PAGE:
Friday, November 14, 2008

A Walk Through the Cemetery

For somebody with no intention of ending up in one, I certainly have an affinity for cemeteries. After exploring a stretch of the Cullasaja Valley where Silas McDowell unearthed mysterious clay sepulchres of the ancients, I decided to roll on into Franklin and revisit Mr. McDowell's burial place.



There on a hill above the First United Methodist Church, I remembered how much I like cemeteries, and the older the better. This cemetery contains the grave of at least one Revolutionary War veteran, which is something you don’t see very often in these Western North Carolina graveyards.

I found the grave of Silas McDowell, and it got me to wondering why his wife and the rest of his family weren’t buried there along with him. Add that to my long list of things to investigate.

Anyhow, I sat down and had a little talk with Silas. We go back a long ways and never run out of things to be amazed at. I talked about how these mountains have changed. And I talked about how they’ve stayed the same - more so than most people realize. And he was glad to hear it.



Leaving Silas, I ambled through the cemetery in search of other stories. On the stone marking the grave of James Robinson, I read "If the actions of a good man can endear his memory, this stone will be often visited."

Nearby, a matched pair of stones told the story of yet another damnable war. In a span of less than four months, John and Mary Siler lost two sons to the Civil War. James Wimer Siler died April 8, 1862 in Petersburg, Virginia. William Theodore Siler died July 24, 1862 in Richmond, Virginia. Enough said.



A cemetery is a good place to be, alright, especially if you’re above ground rather than under. I know I’m not alone in my enjoyment of cemeteries. Once again, no matter your field of interest, the web will hook you up with like-minded souls.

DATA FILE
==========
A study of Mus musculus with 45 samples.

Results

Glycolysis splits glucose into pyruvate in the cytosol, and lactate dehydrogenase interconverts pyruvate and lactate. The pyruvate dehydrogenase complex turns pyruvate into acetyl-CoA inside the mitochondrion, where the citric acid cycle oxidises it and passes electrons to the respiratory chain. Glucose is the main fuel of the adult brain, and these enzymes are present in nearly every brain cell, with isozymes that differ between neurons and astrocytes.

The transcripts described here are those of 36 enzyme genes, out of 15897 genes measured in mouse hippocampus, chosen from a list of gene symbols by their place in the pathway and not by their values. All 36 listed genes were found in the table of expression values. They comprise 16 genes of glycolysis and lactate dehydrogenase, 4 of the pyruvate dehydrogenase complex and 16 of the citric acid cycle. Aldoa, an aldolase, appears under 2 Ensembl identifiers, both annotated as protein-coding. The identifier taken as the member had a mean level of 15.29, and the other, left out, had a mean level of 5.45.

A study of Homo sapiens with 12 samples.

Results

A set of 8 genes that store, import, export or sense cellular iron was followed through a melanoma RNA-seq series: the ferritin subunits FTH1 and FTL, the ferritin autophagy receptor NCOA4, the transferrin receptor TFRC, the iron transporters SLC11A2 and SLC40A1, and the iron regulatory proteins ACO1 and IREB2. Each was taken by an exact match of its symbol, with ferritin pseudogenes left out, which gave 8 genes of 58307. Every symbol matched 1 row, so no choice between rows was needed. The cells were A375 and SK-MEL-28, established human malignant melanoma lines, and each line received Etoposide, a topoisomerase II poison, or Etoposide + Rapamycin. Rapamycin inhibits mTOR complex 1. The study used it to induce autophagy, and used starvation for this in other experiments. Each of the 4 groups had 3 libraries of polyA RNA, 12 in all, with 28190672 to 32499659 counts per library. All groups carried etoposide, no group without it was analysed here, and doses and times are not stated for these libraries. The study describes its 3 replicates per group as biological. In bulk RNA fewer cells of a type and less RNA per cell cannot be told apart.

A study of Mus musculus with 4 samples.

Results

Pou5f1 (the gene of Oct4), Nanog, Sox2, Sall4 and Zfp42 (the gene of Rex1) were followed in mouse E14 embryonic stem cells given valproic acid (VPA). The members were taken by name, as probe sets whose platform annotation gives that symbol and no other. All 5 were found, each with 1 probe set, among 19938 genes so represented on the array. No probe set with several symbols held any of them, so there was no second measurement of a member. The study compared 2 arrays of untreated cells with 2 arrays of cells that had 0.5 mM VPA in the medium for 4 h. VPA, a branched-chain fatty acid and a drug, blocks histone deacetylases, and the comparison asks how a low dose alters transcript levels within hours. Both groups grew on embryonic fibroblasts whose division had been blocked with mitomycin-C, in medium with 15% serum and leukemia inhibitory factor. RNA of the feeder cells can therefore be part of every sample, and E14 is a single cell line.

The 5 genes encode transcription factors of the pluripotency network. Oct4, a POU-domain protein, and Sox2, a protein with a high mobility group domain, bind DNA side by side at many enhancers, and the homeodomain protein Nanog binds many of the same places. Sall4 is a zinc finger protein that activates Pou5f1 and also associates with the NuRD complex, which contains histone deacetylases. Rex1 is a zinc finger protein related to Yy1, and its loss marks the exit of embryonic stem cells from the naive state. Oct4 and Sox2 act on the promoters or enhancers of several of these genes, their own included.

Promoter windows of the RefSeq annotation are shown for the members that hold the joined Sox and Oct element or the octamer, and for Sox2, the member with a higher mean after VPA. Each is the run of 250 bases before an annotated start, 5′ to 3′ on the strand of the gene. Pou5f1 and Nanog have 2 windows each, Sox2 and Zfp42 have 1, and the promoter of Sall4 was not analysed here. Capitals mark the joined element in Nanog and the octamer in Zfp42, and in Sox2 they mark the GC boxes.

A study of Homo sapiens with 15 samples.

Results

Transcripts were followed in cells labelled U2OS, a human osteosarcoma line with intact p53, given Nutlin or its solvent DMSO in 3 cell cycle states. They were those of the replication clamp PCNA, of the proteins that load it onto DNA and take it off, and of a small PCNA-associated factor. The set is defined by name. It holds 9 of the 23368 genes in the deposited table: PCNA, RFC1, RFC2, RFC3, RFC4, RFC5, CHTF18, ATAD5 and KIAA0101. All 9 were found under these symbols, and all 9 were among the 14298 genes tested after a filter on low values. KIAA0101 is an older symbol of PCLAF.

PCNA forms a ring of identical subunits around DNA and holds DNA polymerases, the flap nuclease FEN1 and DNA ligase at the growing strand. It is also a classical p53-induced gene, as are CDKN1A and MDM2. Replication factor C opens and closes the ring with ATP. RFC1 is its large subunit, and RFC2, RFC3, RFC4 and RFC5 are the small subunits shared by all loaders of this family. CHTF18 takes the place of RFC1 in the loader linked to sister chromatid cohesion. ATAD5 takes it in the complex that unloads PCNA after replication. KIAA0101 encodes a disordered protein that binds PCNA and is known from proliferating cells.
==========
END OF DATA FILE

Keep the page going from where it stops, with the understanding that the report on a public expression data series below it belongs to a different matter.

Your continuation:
Take, for instance, the Cemetery Club Blog, by the editor of Epitaphs Magazine. After a quick review of this site, I find that my enthusiasm for cemeteries pales in comparison to that of the dedicated taphophiles of the world.

Or check out the Cemetery Lovers Headquarters:
The group for anyone who loves cemeteries! Whether your hobby is headstone rubbing, genealogy, family history, cemetery photography, cemetery preservation, or any aspect of cemeteries, this is the place to be!

Cemetery Lovers provides a link to a collection of odd gravestone epitaphs, including this one, seen in a London cemetery:

Ann Mann
Here lies Ann Mann,
Who lived an old maid
But died an old Mann
Dec. 8, 1767

Who says cemeteries can’t be fun?

4 comments:

Duck Hunter said...

I also love exploring old cemeteries. You posted some great photos and, as always, had some interesting stories.

Duck Hunter said...

I also love exploring old cemeteries. There are so many great stories there. You just have to slow down and find them... as you have done here. Great stories and great photos.

Anonymous said...

One of my favorite places is the Thyatira Church graveyard outside Salisbury. There is a monument there to a woman who gave, as the story goes, all the gold and silver coin she had to Francis Marion so that he could maintain his ragtag little army in its harrying of Tarleton and Cornwallis. The monument is to her memory from grateful citizens; happily she lived to see our independence.

Class of '74

GULAHIYI said...

That was from the Revolution that was not televised, right? I don't think I've been to that church, but what a great story. Francis Marion came through here when the Cherokee villages along the Little Tennesee were wiped out in 1761. Apparently, he thought the treatment of the Cherokees was excessively harsh and he expressed his grief over the situation veryu eloquently. That quote's on the blog here somewhere.